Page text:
Biotech firm Novavax disclosed Monday that it had submitted its long-awaited application to the U.S. Food and Drug Administration for an emergency use authorization for its COVID-19 vaccine in the United States.
Its vaccine, currently known as NVX-CoV2373, is made differently than the Moderna and Pfizer-BioNTech vaccines, which both deploy messenger RNA to teach the immune system to recognize and attack SARS-2 viruses. Novavax’s product uses tiny particles studded with viral proteins, mixed with an immune-boosting compound known as an adjuvant. The vaccine is composed of two shots, spaced three weeks apart, and the application is for use in adults aged 18 and older.
The firm noted that its more conventional development approach could make it appealing to people who are hesitant to be inoculated with the Pfizer or Moderna vaccines.
“We believe our vaccine offers a differentiated option built on a well-understood protein-based vaccine platform that can be an alternative to the portfolio of available vaccines to help fight the COVID-19 pandemic,” Stanley Erck, Novavax’s president and CEO, said in a statement.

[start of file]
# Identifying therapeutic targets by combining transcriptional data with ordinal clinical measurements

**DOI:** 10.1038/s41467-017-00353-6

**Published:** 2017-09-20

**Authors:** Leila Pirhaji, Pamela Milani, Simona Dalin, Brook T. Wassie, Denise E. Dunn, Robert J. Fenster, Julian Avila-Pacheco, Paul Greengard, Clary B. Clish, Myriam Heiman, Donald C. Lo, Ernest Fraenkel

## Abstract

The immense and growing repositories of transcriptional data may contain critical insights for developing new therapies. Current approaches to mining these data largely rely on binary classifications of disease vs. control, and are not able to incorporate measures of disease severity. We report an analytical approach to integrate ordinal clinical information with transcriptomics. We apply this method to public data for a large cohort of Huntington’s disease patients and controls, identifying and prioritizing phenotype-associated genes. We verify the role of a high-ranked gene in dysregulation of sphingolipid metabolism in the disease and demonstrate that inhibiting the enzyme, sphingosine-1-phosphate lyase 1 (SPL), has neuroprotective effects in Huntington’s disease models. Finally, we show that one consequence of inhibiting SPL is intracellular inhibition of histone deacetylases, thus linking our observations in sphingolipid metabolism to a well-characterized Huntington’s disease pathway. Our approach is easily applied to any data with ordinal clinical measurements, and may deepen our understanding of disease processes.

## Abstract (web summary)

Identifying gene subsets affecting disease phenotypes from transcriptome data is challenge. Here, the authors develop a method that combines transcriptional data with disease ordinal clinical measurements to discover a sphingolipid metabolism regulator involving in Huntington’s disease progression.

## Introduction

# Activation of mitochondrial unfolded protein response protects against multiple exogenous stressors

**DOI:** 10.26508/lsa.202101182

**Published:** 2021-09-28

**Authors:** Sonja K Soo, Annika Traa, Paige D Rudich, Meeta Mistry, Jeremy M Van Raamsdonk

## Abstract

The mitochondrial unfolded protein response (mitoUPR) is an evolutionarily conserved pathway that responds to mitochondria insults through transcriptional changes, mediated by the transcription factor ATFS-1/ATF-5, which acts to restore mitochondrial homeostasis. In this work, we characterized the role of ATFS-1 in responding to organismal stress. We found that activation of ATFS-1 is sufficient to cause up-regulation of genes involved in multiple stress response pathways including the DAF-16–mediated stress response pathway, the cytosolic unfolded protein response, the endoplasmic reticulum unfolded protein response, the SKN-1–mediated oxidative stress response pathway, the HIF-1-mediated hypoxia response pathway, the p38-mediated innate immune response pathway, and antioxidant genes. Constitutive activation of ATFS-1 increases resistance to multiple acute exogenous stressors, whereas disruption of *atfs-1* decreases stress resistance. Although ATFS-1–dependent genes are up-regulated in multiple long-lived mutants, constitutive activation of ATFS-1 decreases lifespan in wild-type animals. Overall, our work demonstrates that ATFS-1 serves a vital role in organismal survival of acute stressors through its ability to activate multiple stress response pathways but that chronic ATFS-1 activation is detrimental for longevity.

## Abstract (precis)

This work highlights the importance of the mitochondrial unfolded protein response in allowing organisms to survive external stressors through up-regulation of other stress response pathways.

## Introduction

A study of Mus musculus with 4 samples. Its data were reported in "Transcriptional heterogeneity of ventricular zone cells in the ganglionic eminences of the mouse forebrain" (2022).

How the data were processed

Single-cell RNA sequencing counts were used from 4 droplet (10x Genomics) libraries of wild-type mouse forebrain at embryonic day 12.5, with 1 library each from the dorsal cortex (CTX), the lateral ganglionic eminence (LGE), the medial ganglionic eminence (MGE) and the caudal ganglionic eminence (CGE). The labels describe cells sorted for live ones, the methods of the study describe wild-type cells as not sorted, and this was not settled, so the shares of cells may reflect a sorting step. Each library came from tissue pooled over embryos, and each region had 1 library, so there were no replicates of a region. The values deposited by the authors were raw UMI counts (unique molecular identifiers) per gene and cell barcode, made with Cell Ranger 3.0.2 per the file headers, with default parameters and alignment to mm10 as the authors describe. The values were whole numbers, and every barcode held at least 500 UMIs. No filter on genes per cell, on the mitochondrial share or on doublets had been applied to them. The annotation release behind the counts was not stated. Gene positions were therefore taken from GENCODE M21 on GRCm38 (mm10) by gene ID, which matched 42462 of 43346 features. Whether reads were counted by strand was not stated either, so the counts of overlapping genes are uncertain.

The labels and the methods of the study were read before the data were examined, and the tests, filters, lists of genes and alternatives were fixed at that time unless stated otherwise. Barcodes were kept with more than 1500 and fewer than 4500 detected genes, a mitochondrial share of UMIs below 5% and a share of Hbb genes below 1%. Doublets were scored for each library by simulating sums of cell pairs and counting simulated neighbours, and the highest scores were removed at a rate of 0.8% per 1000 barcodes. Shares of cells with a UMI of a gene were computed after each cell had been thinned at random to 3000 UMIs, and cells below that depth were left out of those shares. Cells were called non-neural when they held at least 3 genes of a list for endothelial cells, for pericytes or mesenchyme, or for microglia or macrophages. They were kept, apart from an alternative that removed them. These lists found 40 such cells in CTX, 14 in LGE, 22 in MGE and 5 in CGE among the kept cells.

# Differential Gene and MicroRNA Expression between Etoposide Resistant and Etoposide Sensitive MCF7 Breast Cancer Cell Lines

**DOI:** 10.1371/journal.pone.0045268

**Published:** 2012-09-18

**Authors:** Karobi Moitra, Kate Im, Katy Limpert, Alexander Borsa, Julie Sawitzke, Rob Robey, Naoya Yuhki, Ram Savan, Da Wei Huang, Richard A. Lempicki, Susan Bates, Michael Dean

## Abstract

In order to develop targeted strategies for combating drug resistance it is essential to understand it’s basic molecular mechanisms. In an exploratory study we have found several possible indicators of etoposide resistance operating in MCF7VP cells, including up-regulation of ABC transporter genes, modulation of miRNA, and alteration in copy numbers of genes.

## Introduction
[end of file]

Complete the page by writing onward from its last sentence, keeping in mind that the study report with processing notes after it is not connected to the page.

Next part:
Novavax’s vaccine has demonstrated efficacy of about 90% against symptomatic disease in a large trial in the U.S. and Mexico, the biotech firm said, noting that its vaccines can generate an immune response against the omicron variant.
In the early months of the pandemic, Novavax’s vaccine was one of several selected for finding under Operation Warp Speed, the Trump administration’s effort to accelerate vaccine development. Yet ongoing manufacturing issues have slowed the company’s bid for regulatory approval.
Novavax’s vaccine won its first authorization in November, in Indonesia, and it has since received authorization from other regulatory bodies, including the World Health Organization and the European Commission.